There’s a lot of talk of bishops being the “spiritual fathers” to their priests. I like that idea a lot, but let’s see if it’s true.
In 1997 in Connecticut, there was a priestly scandal in Bridgeport that was brought to light several years before the “summer of shame” in the nearly-neighboring Archdiocese of Boston. The Hartfort Courant ran the story of an accused priest titled The Priest as Independent Contractor and I’ll include the first 135 words here:
More should be expected from a man of the cloth than Bridgeport Roman Catholic Bishop Edward M. Egan delivered earlier this month at a federal trial in New Haven. Bishop Egan testified that his diocese cannot be held liable for the misconduct of a priest because priests are “self-employed.” They work in parishes that are corporations and are paid by them, not the diocese, he explained. In his lawsuit, Frank Martinelli says that when he was an altar boy at St. Cecilia’s parish in 1962 and 1963, he was sexually abused by the Rev. Laurence Brett. Mr. Martinelli contends that the diocese should be held liable for the Rev. Brett’s sexual misconduct. After the diocese received two other complaints of sexual misconduct against him in 1964, it sent the Rev. Brett to a psychiatric facility.
The two words I want to hone-in on in the above quote is: “self-employed.” According to the above lawsuit, the late Bp. Egan (bishop of Bridgeport, CT from 1988-2000) apparently shirked the responsibility of answering for a criminal priest under his leadership by claiming all of his priests were “self-employed.” Now, someone working for the Church today might defend the above answer by saying: “That’s just what the bishop was advised by his lawyers to say in order to stave off an even bigger lawsuit.” The first problem with this answer is that it is astonishingly calloused to the hundreds of lives and souls destroyed by every single act of a priest molesting a child.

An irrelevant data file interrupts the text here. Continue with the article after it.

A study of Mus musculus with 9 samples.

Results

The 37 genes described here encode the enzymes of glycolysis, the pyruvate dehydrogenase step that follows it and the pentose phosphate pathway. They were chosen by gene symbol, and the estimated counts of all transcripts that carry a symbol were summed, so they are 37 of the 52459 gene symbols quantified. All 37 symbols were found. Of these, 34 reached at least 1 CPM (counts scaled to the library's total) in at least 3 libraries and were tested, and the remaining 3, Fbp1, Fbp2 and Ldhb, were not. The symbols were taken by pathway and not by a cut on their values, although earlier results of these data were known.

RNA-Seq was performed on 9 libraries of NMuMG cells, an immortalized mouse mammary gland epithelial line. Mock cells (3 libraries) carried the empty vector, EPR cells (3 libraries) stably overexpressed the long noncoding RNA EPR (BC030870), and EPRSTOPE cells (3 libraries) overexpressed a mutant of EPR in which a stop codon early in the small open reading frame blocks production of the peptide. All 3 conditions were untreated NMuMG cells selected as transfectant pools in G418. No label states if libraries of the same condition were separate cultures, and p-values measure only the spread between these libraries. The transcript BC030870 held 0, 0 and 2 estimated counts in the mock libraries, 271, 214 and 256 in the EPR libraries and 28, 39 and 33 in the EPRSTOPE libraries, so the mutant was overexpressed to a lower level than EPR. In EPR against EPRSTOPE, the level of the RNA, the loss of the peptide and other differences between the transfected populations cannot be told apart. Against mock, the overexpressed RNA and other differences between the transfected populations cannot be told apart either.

The second problem we have to consider is: Is the bishop truly a spiritual father to the priest or just the CEO over a chancery where random priests are “self-employed” in satellite units to the diocese? Are priests just “self-employed” contract-workers that bishops hope will do as little damage as possible before retirement? This story is more than just digging up an old article to find a “Code Red” admission (à la the movie A Few Good Men) against the bishops. It might reveal a legal and business model that has bled into the spiritual life, namely, that priests “work in parishes that are corporations and are paid by them, not the diocese.”
Could this also be true in the spiritual life?
Traditionally, a bishop’s number one concern was the salvation and education of his priests. I hope a few US Catholic bishops read the above Hartford Courant article and prove it wrong by becoming spiritual fathers to their spiritual sons—their priests. And if they can’t, the least they can do as a hefty CEO for a giant company is to become more careful who they let into their contract-worker training-centers (aka seminaries.)